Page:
Mitsubishi Unveils the Dendo Drive House
Mitsubishi Motors is bringing the heat this year with concepts and technology galore. With the 2019 Geneva International Motor Show, the automaker has unveiled their oddly-named crossover, the Engelberg Tourer, and possibly a new lifestyle. To put it simply, Mitsubishi Motors has unveiled a power system that lets consumers vehicles power their home. We discussed this a little bit last week, with the promo of the Dendo Drive House. Now with everything out in the open, there’s a lot to talk about, and we’re loving this new tech.
Dendo Drive House
A little catch-up – the Dendo Drive House (DDH) was a concept in the making back in the spring of 2018. Mitsubishi Motors partnered with ENGIE and Hitachi Europe Ltd., to create neutral energy. ENGIE, a France-based natural gas distribution company, had designed their HQ building as a Building Energy Management System (BEMS). Equipped with solar panels, ENGIE is able to collect and store energy for use, but what happens to the excess energy. How does Mitsubishi fit in? When Hitachi Europe comes to play with their vehicle-to-everything V2X charger, a bi-directional charging unit becomes a part of the picture.
Cue the Mitsubishi Outlander PHEV. When the building has collected more solar-converted energy than it can store, this excess energy is transferred through the V2X bi-directional charger and into the Outlander PHEV battery, effectively recharging it. Later at night, ENGIE can then use the energy stored in the building’s power grid, and in scenarios where more energy is needed, like the winter, instead of tapping into ground lines, the Outlander PHEV is there to provide back up.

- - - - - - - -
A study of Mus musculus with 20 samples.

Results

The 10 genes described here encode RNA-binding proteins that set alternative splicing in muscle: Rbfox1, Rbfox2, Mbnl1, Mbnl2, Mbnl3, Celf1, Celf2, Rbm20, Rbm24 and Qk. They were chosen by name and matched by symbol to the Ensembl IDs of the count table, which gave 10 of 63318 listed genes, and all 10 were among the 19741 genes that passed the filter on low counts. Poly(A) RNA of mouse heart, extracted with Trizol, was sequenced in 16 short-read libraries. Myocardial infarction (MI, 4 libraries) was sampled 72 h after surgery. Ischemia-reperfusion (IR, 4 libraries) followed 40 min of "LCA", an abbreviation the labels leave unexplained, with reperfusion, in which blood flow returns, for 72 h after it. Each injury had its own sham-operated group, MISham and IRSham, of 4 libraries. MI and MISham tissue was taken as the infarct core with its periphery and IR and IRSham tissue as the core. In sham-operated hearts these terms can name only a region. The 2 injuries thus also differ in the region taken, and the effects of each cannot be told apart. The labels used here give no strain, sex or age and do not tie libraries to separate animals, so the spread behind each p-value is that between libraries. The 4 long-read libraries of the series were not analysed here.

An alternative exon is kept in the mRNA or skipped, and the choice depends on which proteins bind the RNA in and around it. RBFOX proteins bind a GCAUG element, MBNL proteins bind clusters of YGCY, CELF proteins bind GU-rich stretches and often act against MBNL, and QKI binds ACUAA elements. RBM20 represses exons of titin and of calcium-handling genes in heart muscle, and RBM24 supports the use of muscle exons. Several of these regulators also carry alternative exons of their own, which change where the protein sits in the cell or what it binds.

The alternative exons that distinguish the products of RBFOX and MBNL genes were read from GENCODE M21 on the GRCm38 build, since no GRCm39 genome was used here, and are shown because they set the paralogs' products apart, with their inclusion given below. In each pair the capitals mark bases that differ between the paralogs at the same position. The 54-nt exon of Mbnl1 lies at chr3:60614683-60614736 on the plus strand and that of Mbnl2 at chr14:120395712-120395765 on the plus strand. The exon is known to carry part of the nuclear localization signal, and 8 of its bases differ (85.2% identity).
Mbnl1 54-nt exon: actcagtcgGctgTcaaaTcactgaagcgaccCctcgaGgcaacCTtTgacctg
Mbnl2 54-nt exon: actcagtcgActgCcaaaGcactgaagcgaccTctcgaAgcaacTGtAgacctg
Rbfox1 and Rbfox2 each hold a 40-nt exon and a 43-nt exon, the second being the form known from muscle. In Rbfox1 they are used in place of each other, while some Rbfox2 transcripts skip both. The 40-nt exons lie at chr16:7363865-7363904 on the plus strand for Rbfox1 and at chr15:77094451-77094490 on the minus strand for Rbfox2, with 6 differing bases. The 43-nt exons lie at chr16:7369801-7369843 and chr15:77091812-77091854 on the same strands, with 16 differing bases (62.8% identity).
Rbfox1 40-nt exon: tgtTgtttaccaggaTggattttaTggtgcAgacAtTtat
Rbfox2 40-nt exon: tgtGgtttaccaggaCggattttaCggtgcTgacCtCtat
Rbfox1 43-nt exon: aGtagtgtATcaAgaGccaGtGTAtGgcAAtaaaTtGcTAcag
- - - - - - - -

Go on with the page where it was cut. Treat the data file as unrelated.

Is it coming together? That was the groundwork for the Dendo Drive House. Like ENGIE, a DDG will come with solar panels to collect and store energy in a large home battery that powers the house and its appliances. A bi-directional charger is installed into the home battery and through the garage where…yes, the Outlander PHEV resides. Think of the possibilities. Think of the downfalls after a night of driving during the winter.
Let’s focus on the positive. Not only is the DDH an ecosystem family unit, but there are a number of potentially beneficial scenarios. Families could cut the cost of utilities, charge their plug-in hybrid for free, and basically kill the night owl hours of the electricity bill. Curious about the research? Think it’s all hullabaloo?
Think again. Mitsubishi Electric took the neutral-energy project and ran with it. After a small project in November 2018, Mitsubishi Electric found that energy-management technology could reduce electric power costs by 5-percent for an office building. That may not sound like much, but with the state of Florida spending nearly $7k a year for electricity, that’s $500 for groceries, bills, wherever it needs to go. A DDH could even pay for itself…eventually.
Mitsubishi Motors says the Dendo Drive House will be available to buy in late 2019. They’re even talking about package deals at dealerships with the purchase of a Mitsubishi Outlander PHEV and professional installation of the maintenance service systems (no self-installation foreseen). Just be prepared to spend $11,000 smackers on the bi-directional charger alone.
Mitsubishi Motors is bringing us into the future. What are your thoughts? Let us know on University Mitsubishi social media. Find out why the Mitsubishi Outlander PHEV is the way to go with a test drive today.